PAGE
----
To go to the Supreme Court page to hear audio, click HERE
If there are any doubts as to how big the case that started Monday before the U.S. Supreme Court is, you only need to look at how much time the justices have given for arguments.
In total, the court has set aside six hours Monday, today and Wednesday to hear various challenges to the law that has come to be known as Obamacare.
The last time the Supreme Court heard six or more hours of arguments was 1962, which it heard Arizona and California make their respective cases in an original jurisdiction case over water rights. By contrast, the court listened to lawyers for three hours in 1974 when it determined that President Nixon’s claim of executive privilege was insufficient to permit him to refuse to comply with court subpoenas to turn over tapes he’d secretly recorded in the Oval Office, leading Nixon to resign, and a few minutes more than four hours in 2003 when it upheld the ban of “soft money” campaign contributions.
On Monday, the justices heard an hour and a half on whether court action was premature because no one has yet been fined for not having health insurance. Today, lawyers will argue for two hours whether Congress has the power to require U.S. citizens to buy insurance or face a fine. Tomorrow, justices will listen for another hour and a half to positions on whether the rest of the law is legal if the insurance mandate is ruled unconstitutional, followed in the afternoon by an hour of arguments over whether the federal government is coercing states by threatening to cut off federal aid to those that don’t expand Medicaid coverage for low-income people.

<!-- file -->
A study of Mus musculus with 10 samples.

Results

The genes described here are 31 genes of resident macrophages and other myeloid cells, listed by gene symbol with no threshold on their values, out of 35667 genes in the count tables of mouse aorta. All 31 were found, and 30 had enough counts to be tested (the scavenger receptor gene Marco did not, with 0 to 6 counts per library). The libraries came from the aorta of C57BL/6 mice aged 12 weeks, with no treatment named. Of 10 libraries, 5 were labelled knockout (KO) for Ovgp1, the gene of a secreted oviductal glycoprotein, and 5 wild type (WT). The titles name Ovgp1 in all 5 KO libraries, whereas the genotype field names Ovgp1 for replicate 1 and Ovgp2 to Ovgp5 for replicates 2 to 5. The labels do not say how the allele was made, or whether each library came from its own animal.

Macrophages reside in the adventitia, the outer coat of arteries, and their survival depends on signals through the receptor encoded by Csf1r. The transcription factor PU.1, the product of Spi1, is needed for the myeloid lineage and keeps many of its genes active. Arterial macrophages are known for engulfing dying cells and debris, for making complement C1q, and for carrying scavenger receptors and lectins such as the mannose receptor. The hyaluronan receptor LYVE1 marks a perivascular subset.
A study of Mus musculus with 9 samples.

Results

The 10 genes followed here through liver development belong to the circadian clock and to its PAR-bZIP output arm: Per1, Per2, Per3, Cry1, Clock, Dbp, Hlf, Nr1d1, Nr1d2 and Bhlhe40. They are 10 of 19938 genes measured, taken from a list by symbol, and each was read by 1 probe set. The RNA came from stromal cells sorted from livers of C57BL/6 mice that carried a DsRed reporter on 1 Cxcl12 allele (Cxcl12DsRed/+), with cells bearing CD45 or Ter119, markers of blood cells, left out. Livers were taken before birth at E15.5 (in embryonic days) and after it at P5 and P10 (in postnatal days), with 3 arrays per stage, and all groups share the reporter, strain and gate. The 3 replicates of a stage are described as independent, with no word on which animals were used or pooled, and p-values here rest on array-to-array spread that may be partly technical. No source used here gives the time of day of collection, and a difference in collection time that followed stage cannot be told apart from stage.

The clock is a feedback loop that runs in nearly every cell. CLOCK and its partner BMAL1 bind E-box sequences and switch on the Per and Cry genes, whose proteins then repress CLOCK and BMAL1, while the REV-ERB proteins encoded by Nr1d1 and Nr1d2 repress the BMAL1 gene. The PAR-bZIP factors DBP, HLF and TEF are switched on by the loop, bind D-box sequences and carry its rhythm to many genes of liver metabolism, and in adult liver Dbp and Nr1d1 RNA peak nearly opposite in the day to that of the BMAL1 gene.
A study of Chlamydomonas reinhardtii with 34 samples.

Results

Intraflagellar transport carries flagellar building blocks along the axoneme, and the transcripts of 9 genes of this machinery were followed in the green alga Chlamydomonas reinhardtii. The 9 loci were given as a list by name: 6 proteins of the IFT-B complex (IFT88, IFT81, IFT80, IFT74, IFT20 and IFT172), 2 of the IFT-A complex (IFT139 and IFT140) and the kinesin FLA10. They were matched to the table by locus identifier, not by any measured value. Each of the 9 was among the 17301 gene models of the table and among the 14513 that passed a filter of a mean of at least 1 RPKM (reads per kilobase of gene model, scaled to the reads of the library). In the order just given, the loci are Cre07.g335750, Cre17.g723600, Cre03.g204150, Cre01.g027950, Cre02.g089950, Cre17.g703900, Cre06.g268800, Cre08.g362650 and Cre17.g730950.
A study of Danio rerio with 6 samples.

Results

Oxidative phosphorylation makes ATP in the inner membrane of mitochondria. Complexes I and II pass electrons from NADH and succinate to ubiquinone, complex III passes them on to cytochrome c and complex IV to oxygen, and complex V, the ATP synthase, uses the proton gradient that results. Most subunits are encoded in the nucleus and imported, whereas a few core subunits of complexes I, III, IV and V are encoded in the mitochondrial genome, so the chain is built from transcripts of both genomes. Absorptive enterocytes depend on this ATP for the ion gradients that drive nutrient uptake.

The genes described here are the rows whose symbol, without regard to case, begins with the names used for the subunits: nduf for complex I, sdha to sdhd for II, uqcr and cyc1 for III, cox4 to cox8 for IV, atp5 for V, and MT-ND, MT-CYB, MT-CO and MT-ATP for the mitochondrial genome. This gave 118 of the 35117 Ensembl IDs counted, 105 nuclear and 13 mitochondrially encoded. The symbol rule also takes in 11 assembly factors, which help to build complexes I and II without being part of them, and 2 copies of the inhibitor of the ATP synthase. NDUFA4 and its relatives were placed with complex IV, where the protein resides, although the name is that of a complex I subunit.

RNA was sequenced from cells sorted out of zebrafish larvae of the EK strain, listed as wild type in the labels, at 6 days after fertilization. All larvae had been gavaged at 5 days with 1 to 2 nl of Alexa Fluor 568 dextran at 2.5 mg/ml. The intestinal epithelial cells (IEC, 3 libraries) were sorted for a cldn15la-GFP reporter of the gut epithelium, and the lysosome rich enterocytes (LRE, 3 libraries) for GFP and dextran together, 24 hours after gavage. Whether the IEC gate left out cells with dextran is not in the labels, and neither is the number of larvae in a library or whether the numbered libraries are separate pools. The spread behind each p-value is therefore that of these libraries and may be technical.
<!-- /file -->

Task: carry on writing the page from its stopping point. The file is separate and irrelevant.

People were lined up early — some over the weekend — to get seats in the courtroom to hear the arguments.
Outside, supporters and opponents of the federal health care act tried to be as visible as possible, including a four-piece brass band from Howard University, according to Associated Press reports. Former Pennsylvania Sen. Rick Santorum dropped by for a campaign appearance to point out the difference between himself and GOP presidential nomination front-runner Mitt Romney, a former Massachusetts governor who signed a health care law in 2006 for his state that included the requirement to carry insurance coverage.
Despite the spectacle out front, which often pops up when the justices are listening to cases that are hot-button issues with the public, the only decisions that will matter are the ones that likely will come down some time this summer, decisions that most certainly will impact the presidential and congressional elections in the fall.
It’s possible that the court may agree with the 4th U.S. Circuit Court of Appeals, which determined the law couldn’t be challenged until 2015 when the penalties would kick in. Other appeals courts have split on the legality of the law, with the 11th Circuit saying Congress overstepped it authority with the health mandate and the 6th Circuit and District of Columbia Circuit upholding the law in its totality.
We hope the high court, far removed from the outside theatrics that, thankfully, cannot — and should not — sway the justices in their decision-making, will give a final answer on that question this summer.